Government records on a seven year burn down

Modern technology means it has never been easier or more cost-effective to store and access information.

So it is surprising then that many government departments, from LGAs to federal agencies, are still relying on audio and video tapes to store their crucial records.

While legislation mandates the retention of some of this content, such as parliamentary sittings and defence information, some content is important simply because it holds cultural significance and is highly valued by the community.

Regardless of the reasons for retention, much of this important data is on the verge of extinction.

Time is running out

It is a race against time, because of degradation of the storage media, which threatens the quality and the very existence of the data they contain. Magnetic tape is very fragile and degrades over time. Destructive forces, such as mould, can cause permanent damage to audiovisual records and result in content being lost forever.

The inconvenience of lost information and sentimental content is one thing, but consider the financial impact the loss of many of these physical records may have. The cost of storage, preservation, maintenance and administration of a physical archive is also an unnecessary expenditure.

Even if the physical records are successfully protected from magnetic media degradation, ongoing access to these records will soon be impossible, due to technology obsolescence. The video and audio playback equipment required to play these media are often no longer manufactured or supported. Niche hardware collectors will be of little help, as the supply of spare parts is also vanishing at an alarming rate.

The scarcity of this technology and the skill required to operate it will soon become prohibitively expensive. That means much important government content will be inaccessible. Digitisation of AV media will be near impossible by 2025, according to The National Film and Sound Archive’s ‘Deadline 2025’ paper, for this very reason.

This means governments have only seven years to save vital content currently stored in physical media archives. To give context to how short this timeframe really is, a recent statement from six of Australia’s national collecting institutions indicate that they alone hold close to 850,000 hours of content.

With this volume of hours representing only a part of the tape-based media archives that exist in Australia, there is a very real prospect that content will be lost if action is not taken now.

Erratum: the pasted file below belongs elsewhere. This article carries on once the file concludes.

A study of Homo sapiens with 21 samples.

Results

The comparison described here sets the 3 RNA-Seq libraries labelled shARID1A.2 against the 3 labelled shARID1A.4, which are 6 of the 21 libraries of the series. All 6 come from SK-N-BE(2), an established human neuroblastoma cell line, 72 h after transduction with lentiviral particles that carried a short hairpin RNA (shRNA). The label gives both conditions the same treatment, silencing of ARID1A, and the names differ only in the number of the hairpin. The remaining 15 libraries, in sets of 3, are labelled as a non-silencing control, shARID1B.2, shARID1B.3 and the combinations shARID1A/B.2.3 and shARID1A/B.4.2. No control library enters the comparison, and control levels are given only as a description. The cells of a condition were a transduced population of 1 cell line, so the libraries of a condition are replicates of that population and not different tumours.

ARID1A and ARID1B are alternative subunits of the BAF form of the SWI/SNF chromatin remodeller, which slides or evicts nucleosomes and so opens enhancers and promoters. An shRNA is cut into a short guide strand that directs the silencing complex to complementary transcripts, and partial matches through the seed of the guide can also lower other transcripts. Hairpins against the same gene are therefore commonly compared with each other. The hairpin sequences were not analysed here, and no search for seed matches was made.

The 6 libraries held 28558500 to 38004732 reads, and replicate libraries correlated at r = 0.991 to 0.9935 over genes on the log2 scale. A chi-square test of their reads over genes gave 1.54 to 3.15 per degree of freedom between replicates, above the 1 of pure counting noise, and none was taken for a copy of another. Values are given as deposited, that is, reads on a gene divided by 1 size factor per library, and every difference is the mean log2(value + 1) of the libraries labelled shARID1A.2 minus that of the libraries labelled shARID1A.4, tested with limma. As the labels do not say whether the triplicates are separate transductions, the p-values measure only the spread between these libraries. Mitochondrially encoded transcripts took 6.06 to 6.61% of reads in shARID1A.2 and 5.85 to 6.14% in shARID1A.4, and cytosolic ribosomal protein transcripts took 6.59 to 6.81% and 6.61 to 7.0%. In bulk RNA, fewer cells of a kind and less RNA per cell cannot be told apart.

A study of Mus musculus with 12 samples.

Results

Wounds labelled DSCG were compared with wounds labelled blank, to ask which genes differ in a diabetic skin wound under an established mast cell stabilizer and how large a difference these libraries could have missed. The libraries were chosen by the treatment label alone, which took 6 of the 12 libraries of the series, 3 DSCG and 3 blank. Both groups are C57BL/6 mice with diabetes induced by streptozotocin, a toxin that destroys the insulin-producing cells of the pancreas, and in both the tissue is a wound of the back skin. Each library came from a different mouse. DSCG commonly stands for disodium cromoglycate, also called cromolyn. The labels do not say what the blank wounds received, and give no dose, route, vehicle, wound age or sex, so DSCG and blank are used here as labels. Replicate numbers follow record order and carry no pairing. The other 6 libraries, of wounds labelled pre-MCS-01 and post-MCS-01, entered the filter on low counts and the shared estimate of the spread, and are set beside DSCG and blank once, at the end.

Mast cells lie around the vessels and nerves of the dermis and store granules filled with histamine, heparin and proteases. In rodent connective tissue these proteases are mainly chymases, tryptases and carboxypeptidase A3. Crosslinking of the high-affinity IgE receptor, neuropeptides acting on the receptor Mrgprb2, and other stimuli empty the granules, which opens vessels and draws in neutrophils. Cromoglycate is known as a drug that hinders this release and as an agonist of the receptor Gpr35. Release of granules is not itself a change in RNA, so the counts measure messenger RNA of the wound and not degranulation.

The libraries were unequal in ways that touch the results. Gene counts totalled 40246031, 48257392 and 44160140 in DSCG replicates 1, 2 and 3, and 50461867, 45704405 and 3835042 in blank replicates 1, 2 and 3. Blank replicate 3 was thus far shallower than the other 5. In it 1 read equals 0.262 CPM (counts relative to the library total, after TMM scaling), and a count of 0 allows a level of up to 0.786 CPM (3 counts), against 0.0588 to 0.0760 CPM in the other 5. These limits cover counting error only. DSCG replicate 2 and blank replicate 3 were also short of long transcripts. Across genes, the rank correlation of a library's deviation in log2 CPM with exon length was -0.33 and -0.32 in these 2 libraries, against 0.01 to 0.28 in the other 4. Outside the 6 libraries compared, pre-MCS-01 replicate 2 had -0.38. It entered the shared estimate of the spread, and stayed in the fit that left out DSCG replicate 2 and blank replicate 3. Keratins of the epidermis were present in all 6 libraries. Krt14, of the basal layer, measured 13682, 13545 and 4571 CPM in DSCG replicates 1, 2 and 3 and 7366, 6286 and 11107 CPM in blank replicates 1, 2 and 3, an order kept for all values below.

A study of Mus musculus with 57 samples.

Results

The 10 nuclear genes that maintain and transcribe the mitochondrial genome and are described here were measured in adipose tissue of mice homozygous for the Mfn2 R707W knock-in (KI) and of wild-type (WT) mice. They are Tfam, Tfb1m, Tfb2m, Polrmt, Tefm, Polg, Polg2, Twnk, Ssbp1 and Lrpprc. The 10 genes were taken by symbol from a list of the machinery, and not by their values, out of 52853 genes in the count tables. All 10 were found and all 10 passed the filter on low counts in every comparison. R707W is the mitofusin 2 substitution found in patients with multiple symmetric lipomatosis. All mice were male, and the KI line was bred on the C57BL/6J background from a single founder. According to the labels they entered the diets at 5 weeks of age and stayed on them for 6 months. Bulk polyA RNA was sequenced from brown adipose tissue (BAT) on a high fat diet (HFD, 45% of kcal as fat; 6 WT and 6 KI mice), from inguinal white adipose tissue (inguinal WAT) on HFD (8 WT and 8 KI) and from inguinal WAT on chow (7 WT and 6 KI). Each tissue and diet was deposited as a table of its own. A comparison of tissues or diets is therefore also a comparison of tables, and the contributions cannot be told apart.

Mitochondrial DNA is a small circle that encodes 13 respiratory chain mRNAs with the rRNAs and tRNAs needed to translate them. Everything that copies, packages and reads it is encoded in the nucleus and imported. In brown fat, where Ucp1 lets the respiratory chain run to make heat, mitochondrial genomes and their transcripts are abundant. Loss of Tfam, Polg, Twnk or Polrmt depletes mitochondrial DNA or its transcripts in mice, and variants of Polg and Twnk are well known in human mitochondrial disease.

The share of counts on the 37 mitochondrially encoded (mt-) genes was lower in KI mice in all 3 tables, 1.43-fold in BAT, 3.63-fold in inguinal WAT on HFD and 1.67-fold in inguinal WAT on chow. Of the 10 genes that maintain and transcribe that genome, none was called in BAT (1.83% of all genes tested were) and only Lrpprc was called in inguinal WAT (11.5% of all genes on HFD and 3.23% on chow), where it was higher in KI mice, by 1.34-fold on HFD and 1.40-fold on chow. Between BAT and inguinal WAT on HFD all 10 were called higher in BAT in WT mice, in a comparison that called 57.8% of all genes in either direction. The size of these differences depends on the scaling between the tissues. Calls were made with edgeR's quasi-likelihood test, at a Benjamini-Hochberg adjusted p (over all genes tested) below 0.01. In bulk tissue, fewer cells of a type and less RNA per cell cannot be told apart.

What is the solution?

Digitising this content is the only viable method of preserving and accessing these records. But it still requires scarce playback technology and the knowledge needed to facilitate the transformation process.

Getting started on the media digitisation journey begins with making sure everyone in your organisation is on board. Then a stocktake of what your agency has in its existing physical collection will be required. Identify all the articles that are appropriate for digitisation before engaging an internal or external service to start an audiovisual digitisation program. And make sure you assign ownership responsibilities to various parts of the process; such as quality checking the digitised product.

Are many government bodies taking action?

The change to a digital format is inevitable. The longer this change is postponed, the higher the cost of the exercise and greater the risk of content loss.

According to the FY14 Preservation Statistics Report commissioned by the American Library Association, there are very few signs that American custodians are preparing their archives against the inevitable loss of content.

Fortunately many Australian organisations are more proactive and are beginning to digitise their collections. Australian Parliamentary Services, for example, has already digitised more than 55,000 hours of content. Many local governments are taking steps to preserve their audiovisual heritage.

Government bodies that are undertaking the digitisation process can see benefits such as:

  • Content loss risk mitigation.
  • Content is incorporated into digital preservation programs to ensure its long-term availability.
  • Cost savings through simpler access to and storage of media.
  • Budget savings from early adoption and avoiding the rising cost of digitisation due to resource scarcity.
  • Community engagement – providing easy access to those that desire it.

For those who have not started to digitise their videotape and audiotape records, the time to act is now.

For an in-depth look at what technology obsolescence means for video and audio tape records in your collection, as well as ways to get started on your digitisation journey, download The Time to Digitise is Now white paper today.

Adam Hodgkinson is Business Manager at DAMsmart.